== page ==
The Sacramento City Council voted last night to make the city an "Urban Agriculture Incentive Zone."
That means owners of vacant lots will be eligible for a tax break if they allow their land to be used for agriculture for five years.
For Scott Dunbar, the council decision to give a tax break to landowners who allow agriculture on their property is good news.
Earlier this year, he and some neighbors cleaned up a lot at 15th and G Streets and planted a community garden.
"The biggest thing was while we were working out there was how many people who stopped and said, 'Wow, this is really cool.' We had kids coming to help us. We had adults coming to help us."
After the first crop of broccoli was harvested, someone posted "No Trespassing" signs and pulled all of the plants out of the garden.
Dunbar says the garden was at risk because he had been unable to contact the trust that owns the property.
He hopes the tax break will be an incentive for the property owner to allow another garden.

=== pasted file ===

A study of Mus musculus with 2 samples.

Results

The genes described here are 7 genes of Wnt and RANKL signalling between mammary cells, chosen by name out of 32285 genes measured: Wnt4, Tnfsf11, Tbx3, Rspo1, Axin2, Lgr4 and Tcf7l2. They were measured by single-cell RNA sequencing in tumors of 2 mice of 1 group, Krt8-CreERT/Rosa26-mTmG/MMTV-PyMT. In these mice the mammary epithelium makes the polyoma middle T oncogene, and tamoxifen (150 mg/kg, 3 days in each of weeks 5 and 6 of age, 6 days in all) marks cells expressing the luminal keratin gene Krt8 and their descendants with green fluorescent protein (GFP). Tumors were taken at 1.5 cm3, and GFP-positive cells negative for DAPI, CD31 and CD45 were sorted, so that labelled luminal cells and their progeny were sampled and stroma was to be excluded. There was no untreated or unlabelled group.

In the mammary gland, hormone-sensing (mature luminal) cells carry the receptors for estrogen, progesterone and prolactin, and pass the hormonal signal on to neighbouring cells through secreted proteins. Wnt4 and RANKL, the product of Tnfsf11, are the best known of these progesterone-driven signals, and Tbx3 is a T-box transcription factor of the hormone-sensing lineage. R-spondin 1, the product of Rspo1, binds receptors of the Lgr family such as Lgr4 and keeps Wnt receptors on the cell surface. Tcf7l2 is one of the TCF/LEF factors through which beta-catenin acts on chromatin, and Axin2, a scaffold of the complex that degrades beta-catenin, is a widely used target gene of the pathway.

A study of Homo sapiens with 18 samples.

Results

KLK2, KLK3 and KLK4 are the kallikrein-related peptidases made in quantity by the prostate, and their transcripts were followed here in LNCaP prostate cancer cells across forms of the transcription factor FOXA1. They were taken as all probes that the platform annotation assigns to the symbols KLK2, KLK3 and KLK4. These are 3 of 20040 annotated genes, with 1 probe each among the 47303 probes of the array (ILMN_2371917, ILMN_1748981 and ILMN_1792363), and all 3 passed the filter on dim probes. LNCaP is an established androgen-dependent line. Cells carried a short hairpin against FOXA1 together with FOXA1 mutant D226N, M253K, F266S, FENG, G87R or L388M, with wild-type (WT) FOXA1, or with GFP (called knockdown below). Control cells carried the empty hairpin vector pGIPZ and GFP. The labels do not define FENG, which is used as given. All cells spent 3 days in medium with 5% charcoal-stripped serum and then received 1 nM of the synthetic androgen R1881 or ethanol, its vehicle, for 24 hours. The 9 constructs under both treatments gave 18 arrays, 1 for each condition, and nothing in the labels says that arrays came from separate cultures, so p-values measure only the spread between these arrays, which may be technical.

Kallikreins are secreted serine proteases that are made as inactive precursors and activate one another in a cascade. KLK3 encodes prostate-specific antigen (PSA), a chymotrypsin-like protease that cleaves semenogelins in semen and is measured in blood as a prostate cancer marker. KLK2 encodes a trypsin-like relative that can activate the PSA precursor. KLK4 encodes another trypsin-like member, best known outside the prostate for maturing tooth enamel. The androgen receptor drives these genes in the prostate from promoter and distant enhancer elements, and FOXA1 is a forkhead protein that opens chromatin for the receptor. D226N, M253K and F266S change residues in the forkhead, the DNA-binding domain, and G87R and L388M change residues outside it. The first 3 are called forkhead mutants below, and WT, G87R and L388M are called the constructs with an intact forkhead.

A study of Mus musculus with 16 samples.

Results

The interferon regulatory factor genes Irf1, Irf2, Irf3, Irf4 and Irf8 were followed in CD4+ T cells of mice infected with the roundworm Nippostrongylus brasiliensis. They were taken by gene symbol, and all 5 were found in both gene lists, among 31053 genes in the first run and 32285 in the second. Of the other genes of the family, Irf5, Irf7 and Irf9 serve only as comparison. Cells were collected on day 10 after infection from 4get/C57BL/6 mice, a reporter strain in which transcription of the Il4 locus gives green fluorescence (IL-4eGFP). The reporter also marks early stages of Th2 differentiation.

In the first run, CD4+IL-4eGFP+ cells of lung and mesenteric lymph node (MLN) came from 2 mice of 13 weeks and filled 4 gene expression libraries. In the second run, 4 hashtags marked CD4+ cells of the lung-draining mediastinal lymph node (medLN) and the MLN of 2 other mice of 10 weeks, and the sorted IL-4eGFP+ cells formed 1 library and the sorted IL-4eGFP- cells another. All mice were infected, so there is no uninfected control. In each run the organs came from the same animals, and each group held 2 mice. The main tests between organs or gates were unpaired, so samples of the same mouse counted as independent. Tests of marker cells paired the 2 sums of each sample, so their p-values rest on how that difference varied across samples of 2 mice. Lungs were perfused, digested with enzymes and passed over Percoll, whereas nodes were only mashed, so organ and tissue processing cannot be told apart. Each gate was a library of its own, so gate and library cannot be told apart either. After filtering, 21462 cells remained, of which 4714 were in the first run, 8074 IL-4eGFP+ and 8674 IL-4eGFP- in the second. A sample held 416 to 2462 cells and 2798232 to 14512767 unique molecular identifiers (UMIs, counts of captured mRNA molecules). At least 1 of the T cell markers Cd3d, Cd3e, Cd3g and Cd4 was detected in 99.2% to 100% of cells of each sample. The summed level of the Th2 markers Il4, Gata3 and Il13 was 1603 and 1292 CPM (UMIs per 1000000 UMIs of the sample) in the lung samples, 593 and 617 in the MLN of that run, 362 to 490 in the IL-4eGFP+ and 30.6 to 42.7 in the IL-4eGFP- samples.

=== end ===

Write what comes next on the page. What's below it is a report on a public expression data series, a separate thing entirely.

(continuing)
Alex Morton has a backyard garden and a space in an Oak Park community garden. She supports the ordinance.
"I think there's so many little, vacant lots here and there. When I'm driving around town, I'm always looking at them thinking, 'That would make a nice farm. We could grow some trees there. Maybe we could plant some elderberries and grow elderberries and make elderberry syrup and sell that.' I think that would be a great thing."
The city's Community Development Department says the average property owner could save about $940 per year.
The ordinance limits the city's property tax losses to $250,000 during the life of the tax break.
Landowners must apply before January 2019 to take advantage of the tax break.
In addition to the tax break, a property owner could rent the land to people who agreed to farm it.
Farmers would be able to sell their produce on the property after acquiring a city permit.